Richard Leach. Photo via tedxgrandrapids.org
Could genetic medicine be the wave of the future?
Rick Leach, genomics expert and vice president of business development for Complete Genomics, thinks so.
Leach posed the question, “How many people would like to live to be 120?” during his talk at TEDxGrandRapids last month.
Many in the Grand Rapids Civic Theatre applauded the idea.
Leach said that genomic medicine could be the key to making that happen, by both improving and extending life.
Our current health care system is based on reactive medicine, while genomic medicine allows for risk assessment before a disease strikes.
The individualized approach of genomic testing allows for the measurement of a person’s risk for different diseases and, therefore, can influence preventative treatments and options for patients.
In fact, genomic medicine picked up the perfect poster woman this month — actress Angelina Jolie — who wrote a piece in The New York Times, explaining her choice to have a double mastectomy due to finding out that she had a “faulty” BRCA1 gene that put her at an 87-percent risk of breast cancer and a 50-percent risk of ovarian cancer.
Since Jolie's piece ran, there has been much conversation about how knowing about genetic risk for disease can save lives. People have called Jolie courageous for the decision she made based on the genetic knowledge she was provided.
Genetic-testing market and pre-empting disease
To date, Leach said 100,000 genomes have been sequenced, and the cost has substantially dropped to approximately $3,000 per genome.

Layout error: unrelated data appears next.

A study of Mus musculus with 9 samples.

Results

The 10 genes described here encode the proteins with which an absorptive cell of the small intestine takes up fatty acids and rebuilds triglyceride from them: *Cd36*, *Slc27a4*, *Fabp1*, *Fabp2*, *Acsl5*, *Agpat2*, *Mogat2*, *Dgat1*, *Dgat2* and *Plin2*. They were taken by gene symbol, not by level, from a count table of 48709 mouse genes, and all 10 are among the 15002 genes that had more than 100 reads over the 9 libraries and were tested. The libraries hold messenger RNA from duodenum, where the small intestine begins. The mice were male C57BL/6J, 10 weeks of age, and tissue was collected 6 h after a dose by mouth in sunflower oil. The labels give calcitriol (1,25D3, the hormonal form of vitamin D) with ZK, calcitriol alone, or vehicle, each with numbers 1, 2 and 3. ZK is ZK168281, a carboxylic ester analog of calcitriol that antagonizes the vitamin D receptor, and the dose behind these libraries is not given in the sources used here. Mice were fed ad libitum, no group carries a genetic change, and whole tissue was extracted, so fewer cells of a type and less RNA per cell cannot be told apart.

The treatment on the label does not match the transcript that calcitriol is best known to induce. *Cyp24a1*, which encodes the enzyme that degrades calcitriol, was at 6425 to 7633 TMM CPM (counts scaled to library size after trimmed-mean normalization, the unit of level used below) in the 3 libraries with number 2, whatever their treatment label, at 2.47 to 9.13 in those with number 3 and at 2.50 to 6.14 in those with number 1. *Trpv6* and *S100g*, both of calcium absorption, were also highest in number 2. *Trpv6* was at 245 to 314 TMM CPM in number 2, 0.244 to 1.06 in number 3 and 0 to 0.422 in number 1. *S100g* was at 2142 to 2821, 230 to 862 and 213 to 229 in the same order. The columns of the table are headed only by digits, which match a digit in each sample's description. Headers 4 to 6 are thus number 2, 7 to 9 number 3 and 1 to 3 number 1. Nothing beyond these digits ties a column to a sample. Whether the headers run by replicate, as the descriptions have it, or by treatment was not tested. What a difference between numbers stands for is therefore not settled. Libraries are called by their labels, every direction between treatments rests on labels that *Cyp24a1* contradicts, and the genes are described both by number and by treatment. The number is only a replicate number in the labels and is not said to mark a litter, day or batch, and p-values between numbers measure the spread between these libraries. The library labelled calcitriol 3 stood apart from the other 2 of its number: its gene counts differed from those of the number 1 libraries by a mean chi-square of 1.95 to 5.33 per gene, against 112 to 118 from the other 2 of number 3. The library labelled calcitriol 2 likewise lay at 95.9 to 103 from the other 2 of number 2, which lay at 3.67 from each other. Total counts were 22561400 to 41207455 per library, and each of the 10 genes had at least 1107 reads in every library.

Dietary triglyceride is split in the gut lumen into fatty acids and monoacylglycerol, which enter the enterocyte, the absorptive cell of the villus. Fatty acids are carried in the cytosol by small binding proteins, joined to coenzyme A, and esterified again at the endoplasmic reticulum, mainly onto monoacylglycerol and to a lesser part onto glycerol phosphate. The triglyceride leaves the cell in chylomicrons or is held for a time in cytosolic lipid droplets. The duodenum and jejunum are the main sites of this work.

Still out of range for common health care practice, however, Leach believes that an industrialized process could make the testing even more affordable.
Money magazine reported that Jolie’s test was conducted by Myriad, which is the only company that conducts tests related to the BRCA genes, known as BRCA1 and BRCA2. The test reportedly cost $4,000.
The article also notes that genetic testing is classified as a preventative measure under the law.
Some experts are projecting that genome sequencing could cost as little as $1,000 in the near future, and some tests are covered by insurance.
Genetic testing companies are popping up as demand for this service continues to gain in interest.
One such company, 23andMe was founded in 2006 by Linda Avey, Paul Cusenza, and Anne Wojcicki in California and uses recent advances in DNA analysis technologies and web based interactive tools to help individuals understand their genetic information.
23andMe offers reports on more than 240 health conditions and traits and testing for more than 40 inherited conditions.
The company’s website says it has more than 250,000 genotyped customers.
In addition to helping people understand their inherited traits, 23andMe also does research to try and help understand diseases, like Parkinson’s and Sarcoma, and clients are able to opt into any of the research.
Leach’s Complete Genomics is also focused on research, providing outsourced services to academic and biopharmaceutical researchers, to establish the "genetic basis of disease and gain insight into how we might prevent, diagnose and treat genetic diseases,” according to its website.
In addition to finding out personal risk for specific diseases, Leach said that many people are taking drugs to manage certain conditions that are simply not working, because their body doesn’t metabolize that drug.
He suggested that the current health care financing crisis might be helped mightily by people not being prescribed drugs that don’t work for them — something that genetic testing can find out.
So will the next generation be living well into their 100s?